The president’s views on NATO and trade are inseparable: He believes that, as he said in Montana, Americans are “the schmucks paying for the whole thing.”
“[T]hey kill us on trade. They kill us on other things. … [T]hey kill us with NATO. They kill us.”
He sees both as examples of international systems set up to screw the U.S. And now he’s going around the world with his hand out, collecting what he sees are America’s dues.
Why it matters: When the history of the Trump presidency is written, one of the most important chapters will be the way he changed America’s relationship with Europe.
He doesn’t do what normal U.S. presidents do and make unequivocal statements about solidarity against shared threats. He asks them to pay up.
Rhetorically at least, he seldom distinguishes between allies and adversaries. And when he does, he often saves the toughest words for America’s allies.
Trump’s theory of the case is that Europe needs us more than we need them. And certainly for now, at least, Europeans have nowhere else to turn for their protection.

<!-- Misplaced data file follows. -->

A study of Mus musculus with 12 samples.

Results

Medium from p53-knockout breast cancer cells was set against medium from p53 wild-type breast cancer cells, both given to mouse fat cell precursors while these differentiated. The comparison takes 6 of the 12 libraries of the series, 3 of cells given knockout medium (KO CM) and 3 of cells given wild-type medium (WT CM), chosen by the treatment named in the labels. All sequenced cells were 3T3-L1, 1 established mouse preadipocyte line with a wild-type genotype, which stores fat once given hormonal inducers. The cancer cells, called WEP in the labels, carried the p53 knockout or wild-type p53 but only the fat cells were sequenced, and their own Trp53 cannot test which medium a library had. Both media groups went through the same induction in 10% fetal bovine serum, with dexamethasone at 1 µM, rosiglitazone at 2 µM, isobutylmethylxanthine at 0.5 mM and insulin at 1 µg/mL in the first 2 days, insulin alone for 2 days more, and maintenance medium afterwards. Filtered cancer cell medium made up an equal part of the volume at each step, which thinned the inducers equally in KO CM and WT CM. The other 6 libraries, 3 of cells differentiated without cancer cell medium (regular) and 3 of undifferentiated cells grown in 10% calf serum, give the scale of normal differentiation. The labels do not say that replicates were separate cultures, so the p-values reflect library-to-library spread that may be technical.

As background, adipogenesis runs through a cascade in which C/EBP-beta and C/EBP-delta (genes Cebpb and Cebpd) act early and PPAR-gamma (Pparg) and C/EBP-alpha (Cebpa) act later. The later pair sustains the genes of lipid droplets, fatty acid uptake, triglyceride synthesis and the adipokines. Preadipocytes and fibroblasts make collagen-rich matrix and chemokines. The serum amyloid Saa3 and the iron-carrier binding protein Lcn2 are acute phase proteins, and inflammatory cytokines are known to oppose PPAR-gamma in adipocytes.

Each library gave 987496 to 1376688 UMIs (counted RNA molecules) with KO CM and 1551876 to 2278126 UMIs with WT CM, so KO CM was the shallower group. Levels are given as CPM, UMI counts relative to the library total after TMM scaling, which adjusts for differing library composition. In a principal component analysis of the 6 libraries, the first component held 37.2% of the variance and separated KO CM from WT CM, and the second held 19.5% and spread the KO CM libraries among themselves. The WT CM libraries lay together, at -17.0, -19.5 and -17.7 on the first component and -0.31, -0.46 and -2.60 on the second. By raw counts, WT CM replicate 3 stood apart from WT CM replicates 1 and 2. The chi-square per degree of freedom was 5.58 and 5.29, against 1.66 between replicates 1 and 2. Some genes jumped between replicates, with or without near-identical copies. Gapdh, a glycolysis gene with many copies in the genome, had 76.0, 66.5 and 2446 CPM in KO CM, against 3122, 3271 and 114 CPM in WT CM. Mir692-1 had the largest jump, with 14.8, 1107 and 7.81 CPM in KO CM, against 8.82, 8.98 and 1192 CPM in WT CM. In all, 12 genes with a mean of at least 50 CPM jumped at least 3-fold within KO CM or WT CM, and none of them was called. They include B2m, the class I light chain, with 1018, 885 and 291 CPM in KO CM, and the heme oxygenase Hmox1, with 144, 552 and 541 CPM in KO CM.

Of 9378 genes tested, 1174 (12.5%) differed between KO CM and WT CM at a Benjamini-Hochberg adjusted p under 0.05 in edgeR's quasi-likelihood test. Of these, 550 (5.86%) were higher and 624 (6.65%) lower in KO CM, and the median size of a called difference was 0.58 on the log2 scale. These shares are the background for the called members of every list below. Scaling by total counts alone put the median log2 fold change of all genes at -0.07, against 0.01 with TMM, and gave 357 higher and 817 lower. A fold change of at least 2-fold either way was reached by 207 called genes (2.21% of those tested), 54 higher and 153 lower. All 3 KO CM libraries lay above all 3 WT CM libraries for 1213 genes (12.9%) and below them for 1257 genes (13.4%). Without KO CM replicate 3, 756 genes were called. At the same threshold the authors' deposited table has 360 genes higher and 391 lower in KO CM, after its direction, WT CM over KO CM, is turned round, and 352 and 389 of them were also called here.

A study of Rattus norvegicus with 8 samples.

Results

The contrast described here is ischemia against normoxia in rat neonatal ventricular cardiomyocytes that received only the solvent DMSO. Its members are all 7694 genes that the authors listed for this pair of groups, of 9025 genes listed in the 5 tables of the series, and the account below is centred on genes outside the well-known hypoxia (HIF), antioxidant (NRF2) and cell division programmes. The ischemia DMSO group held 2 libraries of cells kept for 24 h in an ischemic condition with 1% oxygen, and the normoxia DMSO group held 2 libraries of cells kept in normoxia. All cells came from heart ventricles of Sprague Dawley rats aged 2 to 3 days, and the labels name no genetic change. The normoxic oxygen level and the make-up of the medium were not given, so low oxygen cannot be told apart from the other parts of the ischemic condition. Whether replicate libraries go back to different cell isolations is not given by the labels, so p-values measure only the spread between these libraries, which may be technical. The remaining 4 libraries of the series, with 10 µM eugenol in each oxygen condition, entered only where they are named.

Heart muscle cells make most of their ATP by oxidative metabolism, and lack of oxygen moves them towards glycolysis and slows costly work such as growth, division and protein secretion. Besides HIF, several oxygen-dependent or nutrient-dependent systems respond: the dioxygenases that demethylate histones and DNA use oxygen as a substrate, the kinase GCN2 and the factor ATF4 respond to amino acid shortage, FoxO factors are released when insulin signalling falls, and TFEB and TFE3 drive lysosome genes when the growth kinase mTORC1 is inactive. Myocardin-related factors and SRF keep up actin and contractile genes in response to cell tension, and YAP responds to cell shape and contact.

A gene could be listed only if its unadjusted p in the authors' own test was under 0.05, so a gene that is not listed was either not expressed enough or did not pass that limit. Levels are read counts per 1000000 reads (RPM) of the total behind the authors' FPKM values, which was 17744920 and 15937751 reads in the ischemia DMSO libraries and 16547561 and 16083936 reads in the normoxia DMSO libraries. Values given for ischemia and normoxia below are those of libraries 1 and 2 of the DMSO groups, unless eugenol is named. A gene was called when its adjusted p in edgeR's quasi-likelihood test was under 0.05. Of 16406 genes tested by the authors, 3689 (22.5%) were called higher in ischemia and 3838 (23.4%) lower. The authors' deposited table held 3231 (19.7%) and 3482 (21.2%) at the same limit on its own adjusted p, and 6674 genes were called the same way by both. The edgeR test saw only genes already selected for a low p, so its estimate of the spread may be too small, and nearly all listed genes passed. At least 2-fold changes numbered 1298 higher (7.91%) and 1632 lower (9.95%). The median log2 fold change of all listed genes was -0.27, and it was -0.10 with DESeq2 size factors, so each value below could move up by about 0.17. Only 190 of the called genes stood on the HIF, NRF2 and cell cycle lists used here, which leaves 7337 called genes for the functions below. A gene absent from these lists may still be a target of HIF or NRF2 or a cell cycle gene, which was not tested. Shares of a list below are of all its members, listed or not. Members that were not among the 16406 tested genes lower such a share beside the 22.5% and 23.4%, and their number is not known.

It’s possible his theory works out in the long term and they become militarily much more self-sufficient. But what’s not clear is what it will mean for the U.S. in the long run to draw down so much goodwill with our traditional allies.
European officials have been telling us they’re worried Trump will take a “purely transactional” approach to NATO and ignore shared values and the other dimensions of the alliance.
Reality check: Trump is correct that the other NATO members aren’t living up to their financial commitments. But they have been improving over the past two years.
What’s next: The other NATO member states worry — and the rally seems to confirm their fears — that Trump will come into next week’s NATO summit in Brussels like a wrecking ball, and beat up on them over not paying their bills.